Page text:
If we do ever meet an intelligent alien, even a tasty one, I hope we have sufficient ethical awareness to think of more than pleasing our palates or filling our stomachs. My view that this would be the wrong way to respond to such an encounter, however, leads to a deeper question: What moral status would extra-terrestrials have? Would we have obligations to them? Would they have rights? And would our answers depend on their intelligence?


I use E.T. as a thought-experiment to challenge students to reconsider their speciesism—the still widely held assumption that the boundary of our species is also the boundary of beings with rights, or with interests that we ought to take seriously. So far, the only nonhumans we have encountered are animals, plants, fungi, and microscopic living things such as protozoans, bacteria, algae, and spirochetes. When we consider the moral status of these organisms, our thinking is likely to be biased by our own interests in using them, especially as sources of food, or in avoiding being made ill by them.


It might be difficult to tell whether extraterrestrial life forms are capable of suffering or experiencing happiness.

E.T. challenges the moral significance of the species boundary both because we recognize in him a being with feelings very like ours, and because we have no prejudice against him based on a history of eating his kind, putting them in circuses for our amusement, or using them as beasts of burden. So if I ask my students, “Would it have been ethically permissible for scientists to kill E.T. and dissect him for the purposes of what would surely be extremely interesting scientific research?” they unanimously reject that idea. Some things that we could do to harm aliens, they concede, are wrong. If they accept that, then they must also accept that the sphere of proper ethical concern is not limited to members of the species Homo sapiens.

Accepting that it would be wrong to kill and dissect E.T. is a first step in exploring our ethical obligations to extraterrestrial life, but it does not take us very far. Perhaps we have ethical obligations only to beings who have a high level of intelligence, self-awareness, or communicative ability, and if we ever discover extraterrestrial life lacking in these qualities, we will have no obligations to them.


Most of us now accept that we have at least some obligations to avoid inflicting suffering on nonhuman animals, and the same would surely hold for any extraterrestrial beings who we discover to be capable of suffering. In my view, pain and suffering are equally bad, no matter what the species, or planetary origins, of the being suffering. The only thing that matters is the intensity and duration of the suffering. I would make a similar claim about pleasure and happiness. We can think of this as a form of equality—equal consideration for similar amounts of suffering or happiness.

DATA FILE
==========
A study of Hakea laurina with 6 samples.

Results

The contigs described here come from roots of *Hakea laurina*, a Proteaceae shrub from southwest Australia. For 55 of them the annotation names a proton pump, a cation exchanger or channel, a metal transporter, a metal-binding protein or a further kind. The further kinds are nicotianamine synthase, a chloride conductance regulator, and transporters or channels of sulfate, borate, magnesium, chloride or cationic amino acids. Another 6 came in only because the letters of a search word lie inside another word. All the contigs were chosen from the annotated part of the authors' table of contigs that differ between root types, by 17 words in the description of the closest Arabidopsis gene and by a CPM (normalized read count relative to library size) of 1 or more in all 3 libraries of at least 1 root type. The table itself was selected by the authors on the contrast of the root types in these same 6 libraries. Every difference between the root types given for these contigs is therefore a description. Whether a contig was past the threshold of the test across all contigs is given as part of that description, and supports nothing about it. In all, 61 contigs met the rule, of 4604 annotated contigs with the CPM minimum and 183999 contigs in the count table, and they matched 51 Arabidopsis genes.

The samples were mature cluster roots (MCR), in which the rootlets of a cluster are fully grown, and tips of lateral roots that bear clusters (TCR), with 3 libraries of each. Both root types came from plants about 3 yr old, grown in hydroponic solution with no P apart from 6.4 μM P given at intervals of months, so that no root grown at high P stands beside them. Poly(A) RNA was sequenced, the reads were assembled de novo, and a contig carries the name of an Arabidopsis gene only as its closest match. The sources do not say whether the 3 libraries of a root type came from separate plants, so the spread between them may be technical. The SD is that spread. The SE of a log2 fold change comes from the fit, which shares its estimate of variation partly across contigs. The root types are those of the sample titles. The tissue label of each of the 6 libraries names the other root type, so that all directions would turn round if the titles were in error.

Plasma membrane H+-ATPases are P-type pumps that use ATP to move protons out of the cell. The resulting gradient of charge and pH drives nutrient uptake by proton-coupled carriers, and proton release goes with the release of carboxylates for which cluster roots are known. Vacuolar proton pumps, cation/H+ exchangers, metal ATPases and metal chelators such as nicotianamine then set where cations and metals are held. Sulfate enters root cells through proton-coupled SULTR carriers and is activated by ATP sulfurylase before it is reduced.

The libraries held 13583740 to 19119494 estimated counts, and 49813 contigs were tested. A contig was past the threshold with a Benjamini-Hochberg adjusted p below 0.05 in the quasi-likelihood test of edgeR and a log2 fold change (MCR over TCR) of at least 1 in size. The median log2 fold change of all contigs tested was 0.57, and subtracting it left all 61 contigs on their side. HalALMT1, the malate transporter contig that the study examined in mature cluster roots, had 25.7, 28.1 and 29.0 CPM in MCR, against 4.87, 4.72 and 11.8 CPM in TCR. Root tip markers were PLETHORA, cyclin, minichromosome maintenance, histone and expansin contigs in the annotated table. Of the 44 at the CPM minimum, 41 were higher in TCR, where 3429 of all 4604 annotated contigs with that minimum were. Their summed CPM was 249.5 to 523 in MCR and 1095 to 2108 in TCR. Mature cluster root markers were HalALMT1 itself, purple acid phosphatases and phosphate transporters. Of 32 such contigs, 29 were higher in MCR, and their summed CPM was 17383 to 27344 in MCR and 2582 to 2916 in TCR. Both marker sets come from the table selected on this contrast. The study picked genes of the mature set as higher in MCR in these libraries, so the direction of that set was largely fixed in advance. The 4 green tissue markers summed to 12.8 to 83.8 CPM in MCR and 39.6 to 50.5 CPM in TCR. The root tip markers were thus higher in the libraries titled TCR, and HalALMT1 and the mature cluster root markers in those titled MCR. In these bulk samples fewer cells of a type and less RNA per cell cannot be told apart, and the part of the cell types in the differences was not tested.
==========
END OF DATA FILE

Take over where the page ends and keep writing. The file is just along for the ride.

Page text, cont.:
SELF-AWARE SEA LIFE?: Peter Godfrey-Smith has said that an octopus is “probably the closest we will come to meeting an intelligent alien.”Sylke Rohrlach / Wikipedia

It might, however, be difficult to tell whether extraterrestrial life forms are capable of suffering or experiencing happiness. We recognize the suffering of other beings by analogy with our own. Where there is a nervous system sufficiently like ours, and behavior similar to our responses to pain, it is reasonable to assume that a nonhuman animal is experiencing pain. This reasoning is strengthened by our knowledge that we and nonhuman animals have a common evolutionary origin, because it is plausible that the mechanisms that we share with other animals work in similar ways.


If there are reasonable grounds for believing that a being may be capable of suffering, we should, wherever possible, give that being the benefit of the doubt.  That means applying the principle of equal consideration, but with a discount for uncertainty.

Albert Schweitzer famously advocated an ethic of “reverence for life” and some deep ecologists hold that rivers and mountains have intrinsic value. We don’t need to go to those lengths in order to see that the existence of another mind—another center of consciousness—places moral demands on us. If there is something that it is like to be another being, then we have a moral responsibility to avoid harming that conscious being, and, in so far as it is within our power and a reasonable use of our resources, to make that being’s life go as well as possible.